March 21st, 2004, 01:35 PM
Im trying to add a 10mb hard drive to this machine.
I got this machine from a friend who had known of it all its life in his office at work.
beleive it or not it was only retired last year and put in a cupboard and this is when it came to me.
The hard drive was added to the machine in about 1990, when i recieved it
it had been put back as originally shipped with 2 floppy drives.

so i reconnected the hard drive but when i boot up i get intermitent problem where the monitor wont power up.

when it does this if i shut down and remove the power plug to the hard drive and restart the monitor powers up.

I think i have a power supply problem what does anyone else think ?

Erik
March 21st, 2004, 02:17 PM
I'd agree with your diagnosis. The original PC had a 63.5 watt power supply (I'm pretty sure that was the number) that was often too anemic for a fully stuffed machine.

What else do you have installed? If you've got a lot of RAM, a multi-function card and a hard drive you're probably pushing it, depending on how much the drive draws.

Erik

PS1
March 21st, 2004, 02:28 PM
when i run my IBM diagnostic disk it lists the following.
System board
640kb memory
keyboard
monochrome & printer adapter
2 diskette drives & adapter
parallel printer adapter
async communications adapter
game control adaptor


i think its too much for the power supply

what would you recommend removing.

Terry Yager
March 21st, 2004, 02:55 PM
when i run my IBM diagnostic disk it lists the following.
System board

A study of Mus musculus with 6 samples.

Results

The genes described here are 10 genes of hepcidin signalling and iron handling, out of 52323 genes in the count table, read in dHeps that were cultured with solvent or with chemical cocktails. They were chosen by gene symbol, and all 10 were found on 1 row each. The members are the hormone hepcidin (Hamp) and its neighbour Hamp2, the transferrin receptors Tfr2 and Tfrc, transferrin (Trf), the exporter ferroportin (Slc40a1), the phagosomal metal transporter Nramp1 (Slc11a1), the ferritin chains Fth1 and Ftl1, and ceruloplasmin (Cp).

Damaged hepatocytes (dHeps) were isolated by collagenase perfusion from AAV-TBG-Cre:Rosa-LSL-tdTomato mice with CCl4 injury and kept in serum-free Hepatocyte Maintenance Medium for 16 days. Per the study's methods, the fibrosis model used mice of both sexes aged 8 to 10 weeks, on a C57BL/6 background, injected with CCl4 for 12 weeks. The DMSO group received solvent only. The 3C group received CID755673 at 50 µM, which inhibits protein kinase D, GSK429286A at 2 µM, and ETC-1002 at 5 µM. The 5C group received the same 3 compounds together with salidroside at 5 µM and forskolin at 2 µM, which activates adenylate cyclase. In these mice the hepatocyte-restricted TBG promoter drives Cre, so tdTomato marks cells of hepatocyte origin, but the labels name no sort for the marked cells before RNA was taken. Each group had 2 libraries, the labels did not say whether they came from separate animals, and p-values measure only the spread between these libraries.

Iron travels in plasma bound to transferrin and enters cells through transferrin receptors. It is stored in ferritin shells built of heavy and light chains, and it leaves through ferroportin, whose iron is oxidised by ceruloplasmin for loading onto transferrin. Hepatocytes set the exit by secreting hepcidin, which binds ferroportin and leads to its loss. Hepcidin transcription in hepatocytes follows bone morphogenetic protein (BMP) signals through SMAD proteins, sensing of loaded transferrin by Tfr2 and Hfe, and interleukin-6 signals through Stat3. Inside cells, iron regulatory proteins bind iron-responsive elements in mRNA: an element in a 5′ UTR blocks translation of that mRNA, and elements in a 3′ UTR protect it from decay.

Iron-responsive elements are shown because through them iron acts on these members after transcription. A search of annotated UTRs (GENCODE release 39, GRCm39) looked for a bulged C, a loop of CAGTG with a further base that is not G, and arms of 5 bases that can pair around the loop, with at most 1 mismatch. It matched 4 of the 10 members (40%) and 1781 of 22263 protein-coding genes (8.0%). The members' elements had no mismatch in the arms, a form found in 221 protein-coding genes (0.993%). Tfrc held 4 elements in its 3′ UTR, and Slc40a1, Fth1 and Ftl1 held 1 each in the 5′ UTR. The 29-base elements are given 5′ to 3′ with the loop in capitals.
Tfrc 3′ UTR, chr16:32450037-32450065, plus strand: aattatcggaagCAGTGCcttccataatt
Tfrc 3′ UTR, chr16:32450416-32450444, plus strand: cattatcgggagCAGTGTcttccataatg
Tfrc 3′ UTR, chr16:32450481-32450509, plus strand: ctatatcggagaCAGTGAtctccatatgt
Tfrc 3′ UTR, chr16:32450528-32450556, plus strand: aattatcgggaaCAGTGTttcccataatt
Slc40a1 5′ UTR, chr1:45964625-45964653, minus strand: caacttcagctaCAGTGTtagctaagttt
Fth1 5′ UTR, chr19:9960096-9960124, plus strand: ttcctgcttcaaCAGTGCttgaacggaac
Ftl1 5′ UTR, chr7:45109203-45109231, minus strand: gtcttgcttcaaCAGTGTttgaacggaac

640kb memory
keyboard
monochrome & printer adapter
2 diskette drives & adapter
parallel printer adapter
async communications adapter
game control adaptor


i think its too much for the power supply

what would you recommend removing.

I'd recomend replacing the power supply as a first step. BTW, are you using the IBM monochrome monitor that plugs into the back of the machine instead of the wall? Perhaps there is a short in that.

--T

Erik
March 21st, 2004, 02:58 PM
I'd pull the second parallel printer adaptor and the game controller for starters.

They don't draw much, but it might put you over the top.

After that you may have to scale back on the RAM a bit. There has to be a card in there to expand the RAM (probably a multi-function card with the second parallel, serial and RAM, at least)

If so, pull that for starters (don't forget to reset the dip switches) and see if it helps.

Good luck!

Erik

Terry Yager
March 21st, 2004, 03:22 PM
If so, pull that for starters (don't forget to reset the dip switches) and see if it helps.

Good luck!

Erik

Oh,yeah. Good idea. If you have a hard drive in there and it's still seeing two floppies, then the switches aren't set correctly. (Hopefully you got a manual with it, so you can look up how they are supposed to be set).

--T

barryp
March 21st, 2004, 04:18 PM
when i run my IBM diagnostic disk it lists the following.
System board
640kb memory
keyboard
monochrome & printer adapter
2 diskette drives & adapter
parallel printer adapter
async communications adapter
game control adaptor


i think its too much for the power supply

what would you recommend removing.

I'd say either unplug the B: drive for test or replace both floppies with -height drives if that helps.

mbbrutman
March 23rd, 2004, 11:18 AM
If you are plugging the monitor into the spare socket on the back of the main power supply, don't - go to the wall instead.

(I'm pretty sure it's 120V input, but the power plug isn't the same as the wall. Check first.)

PS1
March 23rd, 2004, 12:22 PM
thanks for that sugestion im in uk monitor is set for 230v operation.

plugging it into a seperate power supply doesnt help still stays off.

:(

barryp
March 23rd, 2004, 09:20 PM
If you are plugging the monitor into the spare socket on the back of the main power supply, don't - go to the wall instead.

That outlet doesn't use power supply power. It's just controlled by the switch.